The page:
Papua New Guinea expects to see a steady increase in United States military presence following the signing of The Defense Cooperation Agreement on Monday.
But there is uncertainty over the future implications for the country and its people with the agreement giving the US access to strategic military and civilian locations within Papua New Guinea.
"You need not fear this is not a new thing," Prime Minister James Marape said.
While the details of the agreement are yet to be made clear, there will be a steady increase in US military presence over the next decade - the biggest since the Second World War.
"How many soldiers we are looking at, how many contractors we are looking at, I do not have that scope today but there will certainly be an increased presence and a more direct presence of US in our country," Marape said.
He has had other proposals from nations wanting an agreement of sorts but they were turned away because they stipulated PNG must not engage with other nations.
The Prime Minister said the agreement with Washington was the only proposed agreement which allowed PNG to engage with who they want.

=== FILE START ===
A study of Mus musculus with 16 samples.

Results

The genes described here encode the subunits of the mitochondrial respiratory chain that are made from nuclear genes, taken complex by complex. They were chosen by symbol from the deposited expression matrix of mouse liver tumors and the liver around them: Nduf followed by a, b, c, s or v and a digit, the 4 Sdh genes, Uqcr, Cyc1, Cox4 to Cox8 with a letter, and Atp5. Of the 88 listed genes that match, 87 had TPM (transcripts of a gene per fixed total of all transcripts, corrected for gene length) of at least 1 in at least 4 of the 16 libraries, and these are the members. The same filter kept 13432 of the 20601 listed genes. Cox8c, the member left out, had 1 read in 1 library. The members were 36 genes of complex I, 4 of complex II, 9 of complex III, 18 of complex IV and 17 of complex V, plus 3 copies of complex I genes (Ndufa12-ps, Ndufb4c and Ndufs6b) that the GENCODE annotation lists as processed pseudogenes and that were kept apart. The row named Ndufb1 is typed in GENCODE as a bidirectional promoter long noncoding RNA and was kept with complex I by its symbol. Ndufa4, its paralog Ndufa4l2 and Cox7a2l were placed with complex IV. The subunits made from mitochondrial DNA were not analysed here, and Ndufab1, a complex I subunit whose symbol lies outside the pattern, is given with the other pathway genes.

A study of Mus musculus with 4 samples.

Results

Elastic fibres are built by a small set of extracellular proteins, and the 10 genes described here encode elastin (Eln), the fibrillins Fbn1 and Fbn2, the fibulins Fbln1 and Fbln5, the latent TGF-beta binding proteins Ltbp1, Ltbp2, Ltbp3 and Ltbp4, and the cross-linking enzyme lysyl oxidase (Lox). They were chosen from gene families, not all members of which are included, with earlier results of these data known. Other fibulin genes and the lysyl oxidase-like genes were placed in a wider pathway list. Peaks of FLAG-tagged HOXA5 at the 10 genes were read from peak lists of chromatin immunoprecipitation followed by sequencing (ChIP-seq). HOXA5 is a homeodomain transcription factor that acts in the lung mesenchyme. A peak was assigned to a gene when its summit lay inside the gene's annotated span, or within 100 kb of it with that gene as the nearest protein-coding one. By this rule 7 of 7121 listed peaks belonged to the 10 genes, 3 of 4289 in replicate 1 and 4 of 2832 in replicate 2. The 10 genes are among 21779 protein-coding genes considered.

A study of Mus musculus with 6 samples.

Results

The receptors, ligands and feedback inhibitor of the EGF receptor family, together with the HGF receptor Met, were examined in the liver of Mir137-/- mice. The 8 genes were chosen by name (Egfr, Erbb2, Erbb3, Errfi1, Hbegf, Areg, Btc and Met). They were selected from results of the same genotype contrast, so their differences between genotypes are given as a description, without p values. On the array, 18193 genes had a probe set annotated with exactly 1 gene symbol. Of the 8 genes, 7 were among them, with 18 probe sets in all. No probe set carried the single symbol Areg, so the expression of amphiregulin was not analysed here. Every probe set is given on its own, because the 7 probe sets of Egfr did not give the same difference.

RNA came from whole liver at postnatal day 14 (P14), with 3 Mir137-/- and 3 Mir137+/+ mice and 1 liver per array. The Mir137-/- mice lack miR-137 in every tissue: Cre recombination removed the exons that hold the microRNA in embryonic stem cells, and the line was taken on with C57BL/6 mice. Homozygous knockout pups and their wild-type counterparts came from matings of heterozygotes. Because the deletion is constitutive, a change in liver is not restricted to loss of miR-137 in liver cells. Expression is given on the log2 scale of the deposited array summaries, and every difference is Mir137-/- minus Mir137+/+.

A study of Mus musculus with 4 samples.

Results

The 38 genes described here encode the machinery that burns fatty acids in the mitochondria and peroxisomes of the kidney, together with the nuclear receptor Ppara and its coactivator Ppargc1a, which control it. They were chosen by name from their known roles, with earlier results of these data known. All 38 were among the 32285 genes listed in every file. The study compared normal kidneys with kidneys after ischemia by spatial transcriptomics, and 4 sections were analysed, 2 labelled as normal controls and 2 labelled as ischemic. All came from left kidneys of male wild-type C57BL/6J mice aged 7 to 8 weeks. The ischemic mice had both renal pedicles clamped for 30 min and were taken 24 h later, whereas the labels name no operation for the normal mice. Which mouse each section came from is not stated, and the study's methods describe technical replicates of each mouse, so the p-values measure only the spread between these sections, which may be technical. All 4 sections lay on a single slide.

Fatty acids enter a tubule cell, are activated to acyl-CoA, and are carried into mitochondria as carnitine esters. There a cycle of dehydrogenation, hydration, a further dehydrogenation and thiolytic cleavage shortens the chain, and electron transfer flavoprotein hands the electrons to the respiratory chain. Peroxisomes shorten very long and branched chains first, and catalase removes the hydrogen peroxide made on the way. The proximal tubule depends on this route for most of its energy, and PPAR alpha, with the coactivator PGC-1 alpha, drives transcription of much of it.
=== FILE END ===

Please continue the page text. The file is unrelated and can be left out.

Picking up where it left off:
"Certainly, as we go forward over the next 15 years, we will see US soldiers in our country. We will see US contractors in our country," Marape said.
Papua New Guinea is a strategic military location for western powers. In the north of the country, Lombrum in Manus Province, was once a combined US naval and airbase with over 30,000 personnel.
Outside of political circles, various groups have come together to voice strong concerns about the agreement.
The President of the Catholic Professionals Society, Paul Harricknen fears the agreement may be unconstitutional.
"America needs to understand that we are a constitutional democracy. If there is to be geopolitical rivalry, they cannot use PNG for their disagreements," Harricknen said.
But Marape insists it is a constitutional agreement.